Every December, when it gets close to the end of the year, millions of people ponder what the next year will bring. For most, that means thinking about new goals and resolutions. Year after year, there are endless articles about how to keep your New Year’s Resolutions and tips for better goal setting. Maybe the problem isn’t actually how you’re setting your goals, but the goals that you’re choosing to set. Or rather, who you’re setting them for.
When you’re looking to the future, it’s easy to think in terms of shoulds and woulds. It’s easy to convince yourself that the goals your friends and family are setting are the same goals you should be looking toward. There are a couple of reasons this can be dissatisfying.
Motivation can be divided into a few different categories, but one way to think about motivation is whether it’s intrinsic (coming from within) or extrinsic (coming from outside). Think of it this way: intrinsic motivation often takes the form of personal enjoyment. You’re doing the thing because doing it feels good or makes you happy. Extrinsic motivation is more external, like a physical reward. Maintaining the motivation to pursue those New Year’s Resolutions can be a challenge, but it feels a lot easier when it’s something you really want for yourself instead of for someone else.
Your needs are different from theirs. The things you want out of life are different from theirs. When you’re setting goals for the year, you want to be thinking about resolutions and objectives that align with your values and help you live a more fulfilling life. Be your own person and make sure you’re setting goals that are attainable, realistic, and true to who you are.
It can be tempting to set goals alongside friends in an attempt to find an accountability buddy or a support system. While this may work initially, it inevitably involves tying your own success to the motivation and fate of another person. Developing a supportive group of friends and family who want what’s best for you is important, but avoid relying on others to create your own happiness. Taking control and responsibility for your own goals will give you a sense of ownership and pride in your accomplishments.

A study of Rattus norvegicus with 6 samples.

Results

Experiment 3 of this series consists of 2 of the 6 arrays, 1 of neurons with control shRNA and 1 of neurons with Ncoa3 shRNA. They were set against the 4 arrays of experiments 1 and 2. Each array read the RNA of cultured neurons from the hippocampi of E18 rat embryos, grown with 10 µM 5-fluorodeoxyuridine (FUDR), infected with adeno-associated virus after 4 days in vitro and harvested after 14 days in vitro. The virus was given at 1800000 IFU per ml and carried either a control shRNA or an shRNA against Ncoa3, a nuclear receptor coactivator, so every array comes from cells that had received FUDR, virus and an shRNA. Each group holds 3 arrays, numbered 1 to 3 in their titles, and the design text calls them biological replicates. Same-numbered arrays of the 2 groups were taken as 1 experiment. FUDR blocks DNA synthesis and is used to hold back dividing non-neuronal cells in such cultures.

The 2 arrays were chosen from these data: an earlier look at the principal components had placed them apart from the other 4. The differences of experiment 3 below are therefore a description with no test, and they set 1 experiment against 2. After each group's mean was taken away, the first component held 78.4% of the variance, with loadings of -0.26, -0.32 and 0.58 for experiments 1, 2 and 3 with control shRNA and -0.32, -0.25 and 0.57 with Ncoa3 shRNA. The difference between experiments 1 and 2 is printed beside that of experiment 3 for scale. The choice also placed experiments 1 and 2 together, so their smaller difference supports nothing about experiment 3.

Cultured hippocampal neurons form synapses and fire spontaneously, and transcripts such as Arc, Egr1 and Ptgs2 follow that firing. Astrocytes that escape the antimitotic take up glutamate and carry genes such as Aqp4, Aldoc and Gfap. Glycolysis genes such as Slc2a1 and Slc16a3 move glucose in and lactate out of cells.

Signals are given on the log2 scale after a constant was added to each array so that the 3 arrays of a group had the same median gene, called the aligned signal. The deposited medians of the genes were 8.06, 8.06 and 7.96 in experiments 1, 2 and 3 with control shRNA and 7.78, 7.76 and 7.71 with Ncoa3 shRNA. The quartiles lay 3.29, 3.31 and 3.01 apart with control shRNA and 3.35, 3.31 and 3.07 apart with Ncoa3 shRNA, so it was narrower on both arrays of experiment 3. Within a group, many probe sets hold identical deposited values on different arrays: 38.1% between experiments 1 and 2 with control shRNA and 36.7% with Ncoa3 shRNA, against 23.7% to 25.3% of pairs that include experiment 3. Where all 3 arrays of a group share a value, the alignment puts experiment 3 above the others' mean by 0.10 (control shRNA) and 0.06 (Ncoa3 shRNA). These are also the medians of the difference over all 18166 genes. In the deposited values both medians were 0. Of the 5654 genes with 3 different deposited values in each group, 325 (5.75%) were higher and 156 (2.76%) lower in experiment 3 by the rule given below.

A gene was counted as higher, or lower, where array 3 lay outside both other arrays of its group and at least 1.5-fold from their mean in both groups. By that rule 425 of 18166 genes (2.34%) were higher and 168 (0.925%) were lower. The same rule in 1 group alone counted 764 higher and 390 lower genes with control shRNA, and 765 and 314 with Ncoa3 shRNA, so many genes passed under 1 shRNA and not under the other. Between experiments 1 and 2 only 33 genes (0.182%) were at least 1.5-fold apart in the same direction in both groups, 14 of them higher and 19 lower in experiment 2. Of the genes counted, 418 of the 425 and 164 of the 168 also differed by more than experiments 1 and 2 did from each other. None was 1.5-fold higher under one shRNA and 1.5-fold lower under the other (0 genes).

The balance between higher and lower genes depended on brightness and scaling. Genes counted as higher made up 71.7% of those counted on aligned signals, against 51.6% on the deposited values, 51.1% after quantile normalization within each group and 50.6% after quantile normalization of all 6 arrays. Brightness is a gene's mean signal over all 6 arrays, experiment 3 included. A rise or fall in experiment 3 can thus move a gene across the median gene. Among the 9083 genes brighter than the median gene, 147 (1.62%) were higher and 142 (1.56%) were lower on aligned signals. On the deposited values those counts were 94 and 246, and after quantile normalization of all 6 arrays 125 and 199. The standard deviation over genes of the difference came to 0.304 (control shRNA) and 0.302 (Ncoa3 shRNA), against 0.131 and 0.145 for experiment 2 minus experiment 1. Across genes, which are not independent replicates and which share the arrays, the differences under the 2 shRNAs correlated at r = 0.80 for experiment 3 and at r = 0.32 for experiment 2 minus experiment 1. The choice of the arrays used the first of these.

You can try out this exercise by writing it out or just imagining it in your own mind.
Ask yourself what reaching your goal actually looks like. Don’t just describe the goal, describe what you want to be able to do when you achieve it. For example, “When I am in better shape, I’ll be able to run a mile without being out of breath. When I can run without being out of breath, I’ll be able to race in a 5K. When I can…, I will be able to…” The cycle can go on for as long as you need it to, and if the end result relies more on the opinions and thoughts of others, it’s a safe bet that you’re not setting goals for yourself.
When you’re crafting New Year’s Resolutions (or any goals, for that matter) it’s important to make sure that you’re setting goals for yourself. Not goals that are meant to make someone else happy or proud, but goals that lead you to feel fulfilled. Defining your own goals will support your own values and keep you motivated as you reach for them. Setting goals for yourself requires you to take responsibility for your own successes and will make reaching your goals that much more meaningful.